1. Farm efficiency in the United States
  2. Who Farms in the United States?
  3. Growth of Large Corporate Farming
  4. Minorities as Farm Operators
  5. Agricultural Subsidies
  6. Food for Peace Program
  7. Major Crops in the United States
  8. Major U.S. Crops: Corn
  9. Major U.S. Crops: Soybeans
  10. Major U.S. Crops: Wheat
  11. Major U.S. Crops: Cotton
  12. Planting and Harvesting Cotton
  13. Major U.S. Crops: Rice
  14. How Rice Is Grown in the United States
  15. Dairy Farming in the United States
  16. Cheese Production in the United States
  17. Poultry and Meat Production in the United States
  18. Raising Cattle for Beef
  19. Factory Farming
  20. Farm Mechanization in the United States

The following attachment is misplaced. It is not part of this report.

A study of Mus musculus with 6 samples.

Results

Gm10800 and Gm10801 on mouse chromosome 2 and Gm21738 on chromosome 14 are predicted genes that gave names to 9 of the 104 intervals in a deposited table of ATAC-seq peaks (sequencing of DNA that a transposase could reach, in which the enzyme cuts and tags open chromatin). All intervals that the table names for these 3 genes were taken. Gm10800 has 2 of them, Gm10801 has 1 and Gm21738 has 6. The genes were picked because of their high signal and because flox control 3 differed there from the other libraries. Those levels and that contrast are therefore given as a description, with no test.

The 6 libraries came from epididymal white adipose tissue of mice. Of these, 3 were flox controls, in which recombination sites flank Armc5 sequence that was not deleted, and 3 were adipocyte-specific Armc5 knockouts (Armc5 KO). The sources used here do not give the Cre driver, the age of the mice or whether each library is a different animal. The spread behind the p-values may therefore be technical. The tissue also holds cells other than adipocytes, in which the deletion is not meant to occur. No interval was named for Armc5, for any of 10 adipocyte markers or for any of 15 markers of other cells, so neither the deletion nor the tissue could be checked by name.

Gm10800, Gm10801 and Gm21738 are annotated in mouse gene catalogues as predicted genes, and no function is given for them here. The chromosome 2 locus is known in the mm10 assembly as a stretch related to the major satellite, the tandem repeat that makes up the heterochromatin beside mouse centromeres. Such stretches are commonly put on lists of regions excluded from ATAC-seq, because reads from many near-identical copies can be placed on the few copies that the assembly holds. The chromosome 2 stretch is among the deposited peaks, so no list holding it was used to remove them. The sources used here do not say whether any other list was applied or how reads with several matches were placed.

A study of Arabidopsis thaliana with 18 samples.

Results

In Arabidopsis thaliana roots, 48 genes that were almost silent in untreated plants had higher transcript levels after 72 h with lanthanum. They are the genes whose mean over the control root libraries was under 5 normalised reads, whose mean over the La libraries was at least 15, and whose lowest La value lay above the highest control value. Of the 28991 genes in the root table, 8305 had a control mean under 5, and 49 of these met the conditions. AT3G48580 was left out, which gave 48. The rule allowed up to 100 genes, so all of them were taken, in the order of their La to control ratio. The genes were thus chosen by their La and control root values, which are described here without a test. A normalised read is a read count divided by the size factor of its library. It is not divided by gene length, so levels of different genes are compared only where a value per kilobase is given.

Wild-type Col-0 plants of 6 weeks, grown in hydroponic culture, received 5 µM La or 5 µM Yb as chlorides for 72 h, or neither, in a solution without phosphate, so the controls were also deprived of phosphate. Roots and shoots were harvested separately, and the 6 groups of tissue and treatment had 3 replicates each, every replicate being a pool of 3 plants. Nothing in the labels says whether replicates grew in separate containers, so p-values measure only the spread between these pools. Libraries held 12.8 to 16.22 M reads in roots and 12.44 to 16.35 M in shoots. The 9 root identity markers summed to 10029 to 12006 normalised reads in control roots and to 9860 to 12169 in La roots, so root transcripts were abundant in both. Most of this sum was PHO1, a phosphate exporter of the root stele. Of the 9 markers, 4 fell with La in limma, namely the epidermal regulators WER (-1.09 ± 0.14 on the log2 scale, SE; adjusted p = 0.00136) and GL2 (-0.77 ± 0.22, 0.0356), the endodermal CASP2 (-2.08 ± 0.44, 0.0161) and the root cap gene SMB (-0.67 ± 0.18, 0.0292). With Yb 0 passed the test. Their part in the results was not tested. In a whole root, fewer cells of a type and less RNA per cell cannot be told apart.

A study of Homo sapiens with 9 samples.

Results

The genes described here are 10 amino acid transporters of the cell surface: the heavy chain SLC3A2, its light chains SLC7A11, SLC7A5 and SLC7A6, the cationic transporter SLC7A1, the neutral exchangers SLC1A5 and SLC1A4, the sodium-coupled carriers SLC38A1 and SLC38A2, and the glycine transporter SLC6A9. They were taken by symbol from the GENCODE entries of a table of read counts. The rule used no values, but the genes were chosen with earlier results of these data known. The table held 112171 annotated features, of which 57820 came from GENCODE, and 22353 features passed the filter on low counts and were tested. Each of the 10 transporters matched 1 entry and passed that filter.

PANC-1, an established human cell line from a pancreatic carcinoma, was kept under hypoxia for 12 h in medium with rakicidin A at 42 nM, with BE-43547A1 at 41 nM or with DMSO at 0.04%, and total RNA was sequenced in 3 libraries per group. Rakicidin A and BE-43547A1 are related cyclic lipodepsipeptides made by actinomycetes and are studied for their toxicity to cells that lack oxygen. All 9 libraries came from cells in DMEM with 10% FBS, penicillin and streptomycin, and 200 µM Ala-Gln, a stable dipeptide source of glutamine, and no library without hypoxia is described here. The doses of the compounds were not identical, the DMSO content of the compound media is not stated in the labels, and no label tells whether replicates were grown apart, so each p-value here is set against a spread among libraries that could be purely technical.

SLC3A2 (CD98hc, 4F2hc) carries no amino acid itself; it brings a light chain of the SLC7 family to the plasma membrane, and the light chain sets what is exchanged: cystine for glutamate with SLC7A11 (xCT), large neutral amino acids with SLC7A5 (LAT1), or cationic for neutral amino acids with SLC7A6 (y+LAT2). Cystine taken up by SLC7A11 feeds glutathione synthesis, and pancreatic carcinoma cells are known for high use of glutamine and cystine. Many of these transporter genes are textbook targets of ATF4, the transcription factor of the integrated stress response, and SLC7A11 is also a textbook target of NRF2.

21. Biotechnology and Farming in the United States
  22. Organic Farming in the United States
  23. Farm Aid
Family run farms remain central to American farming.
Photo Courtesy of the United States Department of Agriculture. Photo by Ken Hammond.
Who Farms in the United States?
Because of increased mechanization fewer farm workers are needed. The number of family members who work their own farms dropped from just under 8 million in 1950 to around 2 million in 2000. Most farms in the United States are family-owned. In 1997, individuals or families owned 86% of all farms. These farms were responsible for 52% of farm product sales. As throughout the world, the average age of farm operators has risen steadily over the years. Click on CHARTS and MAPS below for additional information about farming.